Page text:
Special Olympics

See the Impact: Indonesia




The Christmas Records Grants are key to supporting Special Olympics activities in Indonesia. There is not a lot of money set aside for people with disabilities in the country, and people with physical and intellectual disabilities are often grouped together. Until recently, people with disabilities were seen as the lowest-class citizens in Indonesia. This makes work difficult for Special Olympics Indonesia.

But Special Olympics Indonesia has received over $360,000 in Christmas Records Grants since 2007. Since that time Special Olympics programs and competitions have expanded to all 34 provinces of the country. And other numbers are growing too. One of the Program’s main goals in 2011 was to register 100,000 athletes by 2014. As of 2013, that goal was reached and now they are hoping to have 150,000 athletes by 2018. Special Olympics Indonesia was able to identify, recruit and train 5,340 coaches in 2015. In addition, Indonesian athletes have competed in Special Olympics World Games in Los Angeles, PyeongChang, Athens, Boise, and Shanghai since receiving Christmas Records Grants.

" When families start seeing results [from people with intellectual disabilities], all these challenges are overcome with hope for the future."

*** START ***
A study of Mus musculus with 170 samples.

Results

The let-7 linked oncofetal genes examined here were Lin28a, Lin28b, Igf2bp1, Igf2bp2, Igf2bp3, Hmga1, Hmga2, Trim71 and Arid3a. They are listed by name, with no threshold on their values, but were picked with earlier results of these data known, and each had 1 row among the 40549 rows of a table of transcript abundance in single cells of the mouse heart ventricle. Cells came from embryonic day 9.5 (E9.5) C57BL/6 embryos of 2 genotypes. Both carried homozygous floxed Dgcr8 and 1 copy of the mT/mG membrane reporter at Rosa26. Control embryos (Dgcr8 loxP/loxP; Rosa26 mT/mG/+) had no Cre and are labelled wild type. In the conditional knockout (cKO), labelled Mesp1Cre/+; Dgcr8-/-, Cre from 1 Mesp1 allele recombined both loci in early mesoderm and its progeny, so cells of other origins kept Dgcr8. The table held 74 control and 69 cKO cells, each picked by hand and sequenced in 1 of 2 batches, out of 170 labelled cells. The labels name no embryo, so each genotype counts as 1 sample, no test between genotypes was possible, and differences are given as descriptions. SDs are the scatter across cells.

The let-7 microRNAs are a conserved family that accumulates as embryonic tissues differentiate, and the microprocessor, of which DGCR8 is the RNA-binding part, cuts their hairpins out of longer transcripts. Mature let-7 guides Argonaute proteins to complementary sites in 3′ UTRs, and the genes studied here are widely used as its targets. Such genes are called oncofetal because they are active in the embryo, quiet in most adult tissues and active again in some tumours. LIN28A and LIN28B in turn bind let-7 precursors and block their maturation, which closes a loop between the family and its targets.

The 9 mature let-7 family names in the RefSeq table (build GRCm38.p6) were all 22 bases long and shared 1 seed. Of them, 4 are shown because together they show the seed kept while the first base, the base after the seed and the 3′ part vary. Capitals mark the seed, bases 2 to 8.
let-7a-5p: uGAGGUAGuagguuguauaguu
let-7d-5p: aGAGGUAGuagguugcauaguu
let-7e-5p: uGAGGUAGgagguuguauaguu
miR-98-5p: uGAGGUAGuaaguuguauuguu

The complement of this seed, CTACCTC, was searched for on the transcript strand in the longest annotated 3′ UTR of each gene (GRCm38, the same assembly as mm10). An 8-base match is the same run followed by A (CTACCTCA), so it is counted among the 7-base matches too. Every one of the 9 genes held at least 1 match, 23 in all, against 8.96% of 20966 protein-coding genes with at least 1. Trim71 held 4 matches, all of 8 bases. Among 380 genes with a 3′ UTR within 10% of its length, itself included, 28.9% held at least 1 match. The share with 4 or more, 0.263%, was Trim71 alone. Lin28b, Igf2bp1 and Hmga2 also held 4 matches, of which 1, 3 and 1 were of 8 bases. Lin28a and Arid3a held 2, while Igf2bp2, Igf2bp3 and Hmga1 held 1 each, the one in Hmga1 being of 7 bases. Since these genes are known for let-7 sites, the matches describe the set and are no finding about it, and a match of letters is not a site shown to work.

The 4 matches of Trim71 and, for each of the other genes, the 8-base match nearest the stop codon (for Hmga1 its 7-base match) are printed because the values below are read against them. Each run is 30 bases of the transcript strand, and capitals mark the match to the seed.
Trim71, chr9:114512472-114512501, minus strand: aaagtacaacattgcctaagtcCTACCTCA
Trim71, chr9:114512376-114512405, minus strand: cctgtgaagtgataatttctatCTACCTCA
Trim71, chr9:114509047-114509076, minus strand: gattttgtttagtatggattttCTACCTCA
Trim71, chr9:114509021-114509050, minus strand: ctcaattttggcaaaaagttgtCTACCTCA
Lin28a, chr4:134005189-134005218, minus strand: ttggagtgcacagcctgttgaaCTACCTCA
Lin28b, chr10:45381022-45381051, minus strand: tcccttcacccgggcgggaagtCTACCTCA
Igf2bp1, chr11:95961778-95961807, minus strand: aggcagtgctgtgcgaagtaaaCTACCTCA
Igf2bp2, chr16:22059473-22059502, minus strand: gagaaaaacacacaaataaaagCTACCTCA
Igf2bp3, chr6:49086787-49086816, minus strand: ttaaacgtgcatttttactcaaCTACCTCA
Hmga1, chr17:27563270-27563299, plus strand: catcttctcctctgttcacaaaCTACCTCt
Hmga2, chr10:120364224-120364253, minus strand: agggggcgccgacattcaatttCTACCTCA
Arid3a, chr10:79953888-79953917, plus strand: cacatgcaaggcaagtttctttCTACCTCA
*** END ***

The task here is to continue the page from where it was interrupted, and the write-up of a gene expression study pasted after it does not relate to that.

Special Olympics Indonesia also re-launched its Athlete Leadership Program (ALPs) in 2011. ALPs provides opportunities for Special Olympic athletes like Stephanie Handojo to increase their social skills and self-esteem. Stephanie is now an International Global Messenger (IGM) from Indonesia and one of two serving IGMs from the Asia Pacific region and she also serves on the Asia Pacific Athlete Input Council (AIC). At the 2016 Asia Pacific Leadership Conference, she joined her fellow AIC members to call on all Asia Pacific Program Leaders to activate Athlete Leaders, give them more meaningful leadership roles, develop strategies with them and not without them, use Athletes as the voice of the Program and match their abilities with leadership opportunities.

Special Olympics Indonesia is gaining momentum, but “not fast enough” said Simon Koh, the Special Olympics Asia Pacific's Director of Operations. “When families start seeing results [from people with intellectual disabilities], all these challenges are overcome with hope for the future.” The continued support of the Christmas Records Grants will ensure that this hope is achieved.